Study finds giving children yoghurt could reduce risks of developing eczema and allergies 3 years ago

Study finds giving children yoghurt could reduce risks of developing eczema and allergies

Confession: If it wasn't for yoghurt, my little boy would have probably starved to death.

OK, that might have been a little bit of an exaggeration, but seriously; he loves yoghurt far more than he loves any other food, and there are days when I, after having tried every bribery under the sun to get him to try something else, will just give in and let him have yoghurt for dinner. Again.

I take comfort in that the yoghurt he likes is the Greek variety with no added sugar and that he sometimes lets me top it with some nuts/seeds/berries, but still.

However, some new research has now shown that feeding babies yoghurt is actually all sorts of good, and may, in fact, reduce their chances of developing eczema and other allergies.

According to a new study published in Clinical & Experimental Allergy, researchers found that infants who are given yoghurt as a regular part of their diet in their first year of life have a lower eczema and allergy risk. In fact, the team of New Zealand researchers discovered that eating yoghurt daily by age one decreased eczema and allergy in little ones by up to 70 percent.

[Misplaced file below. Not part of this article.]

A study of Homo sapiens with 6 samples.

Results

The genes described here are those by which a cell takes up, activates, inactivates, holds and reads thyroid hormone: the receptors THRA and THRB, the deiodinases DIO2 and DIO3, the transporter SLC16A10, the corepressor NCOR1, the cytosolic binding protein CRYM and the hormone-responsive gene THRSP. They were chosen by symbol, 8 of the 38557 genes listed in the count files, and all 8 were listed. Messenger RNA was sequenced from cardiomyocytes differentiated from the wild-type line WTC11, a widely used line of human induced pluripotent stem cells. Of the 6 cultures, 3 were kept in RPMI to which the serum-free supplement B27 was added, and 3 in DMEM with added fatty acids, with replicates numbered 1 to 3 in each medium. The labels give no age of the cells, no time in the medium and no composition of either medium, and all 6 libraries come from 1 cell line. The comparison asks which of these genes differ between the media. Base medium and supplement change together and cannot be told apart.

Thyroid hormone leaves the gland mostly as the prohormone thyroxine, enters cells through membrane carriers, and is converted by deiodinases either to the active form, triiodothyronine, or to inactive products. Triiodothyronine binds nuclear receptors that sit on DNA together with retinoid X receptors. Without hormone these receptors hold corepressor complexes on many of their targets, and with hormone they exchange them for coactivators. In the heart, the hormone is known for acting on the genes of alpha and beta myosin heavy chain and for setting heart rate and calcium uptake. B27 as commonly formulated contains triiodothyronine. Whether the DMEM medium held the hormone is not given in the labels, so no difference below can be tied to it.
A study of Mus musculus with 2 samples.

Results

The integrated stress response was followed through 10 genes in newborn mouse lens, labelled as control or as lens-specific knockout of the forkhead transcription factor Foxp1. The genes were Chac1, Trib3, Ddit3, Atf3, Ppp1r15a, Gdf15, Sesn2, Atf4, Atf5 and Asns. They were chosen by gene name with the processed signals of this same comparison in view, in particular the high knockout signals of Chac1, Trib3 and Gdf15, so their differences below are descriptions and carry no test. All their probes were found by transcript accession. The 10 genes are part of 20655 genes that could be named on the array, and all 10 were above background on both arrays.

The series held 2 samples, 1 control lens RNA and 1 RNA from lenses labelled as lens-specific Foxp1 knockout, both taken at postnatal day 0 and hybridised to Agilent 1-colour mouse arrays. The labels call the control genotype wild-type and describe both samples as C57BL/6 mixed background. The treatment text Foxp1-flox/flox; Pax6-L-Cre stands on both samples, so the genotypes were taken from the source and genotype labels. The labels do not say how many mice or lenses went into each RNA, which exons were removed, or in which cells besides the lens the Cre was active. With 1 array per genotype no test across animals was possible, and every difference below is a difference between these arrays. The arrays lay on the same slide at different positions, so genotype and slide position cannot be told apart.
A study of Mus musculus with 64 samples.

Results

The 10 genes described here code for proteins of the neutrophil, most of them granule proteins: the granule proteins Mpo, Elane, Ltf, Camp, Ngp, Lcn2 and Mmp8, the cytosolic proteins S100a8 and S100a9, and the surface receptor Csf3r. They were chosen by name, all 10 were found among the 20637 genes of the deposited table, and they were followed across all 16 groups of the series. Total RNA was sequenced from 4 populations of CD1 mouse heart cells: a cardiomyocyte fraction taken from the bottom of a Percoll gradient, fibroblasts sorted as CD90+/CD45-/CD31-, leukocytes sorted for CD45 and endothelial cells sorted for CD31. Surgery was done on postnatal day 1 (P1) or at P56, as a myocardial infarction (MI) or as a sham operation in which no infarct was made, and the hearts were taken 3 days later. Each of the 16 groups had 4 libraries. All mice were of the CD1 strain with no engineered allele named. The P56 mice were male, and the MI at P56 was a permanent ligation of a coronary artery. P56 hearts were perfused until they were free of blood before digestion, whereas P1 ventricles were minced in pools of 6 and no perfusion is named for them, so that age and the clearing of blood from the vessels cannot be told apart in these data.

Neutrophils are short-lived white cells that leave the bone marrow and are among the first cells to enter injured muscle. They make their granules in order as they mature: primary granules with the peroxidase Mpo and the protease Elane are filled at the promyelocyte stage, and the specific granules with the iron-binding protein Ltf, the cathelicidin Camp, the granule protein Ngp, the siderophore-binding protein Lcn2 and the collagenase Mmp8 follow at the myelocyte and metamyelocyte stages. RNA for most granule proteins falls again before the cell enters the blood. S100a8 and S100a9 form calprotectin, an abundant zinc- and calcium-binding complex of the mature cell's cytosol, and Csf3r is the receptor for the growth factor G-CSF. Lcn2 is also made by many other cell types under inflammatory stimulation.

This is what lead research Dr. Julian Crane, a professor in the Department of Medicine at the University of Otago, Wellington, had to say:

“The more regularly yoghurt was given, the greater the effect.”

The findings suggest that feeding infants yoghurt regularly can give them added protection against eczema and other allergies. The American Academy of Pediatrics advises parents to wait until age 1 to add cow’s milk to a baby’s diet, but notes “other milk-based products such as cheese and yoghurt are safe before age 1”.

Although the new study shows the added benefits of yoghurt, there are still some things that are unknown. Crane explains further: “We found that regular consumption of yoghurt gave stronger protection, but what we don’t know yet, is what type of yoghurt is best or how much is protective."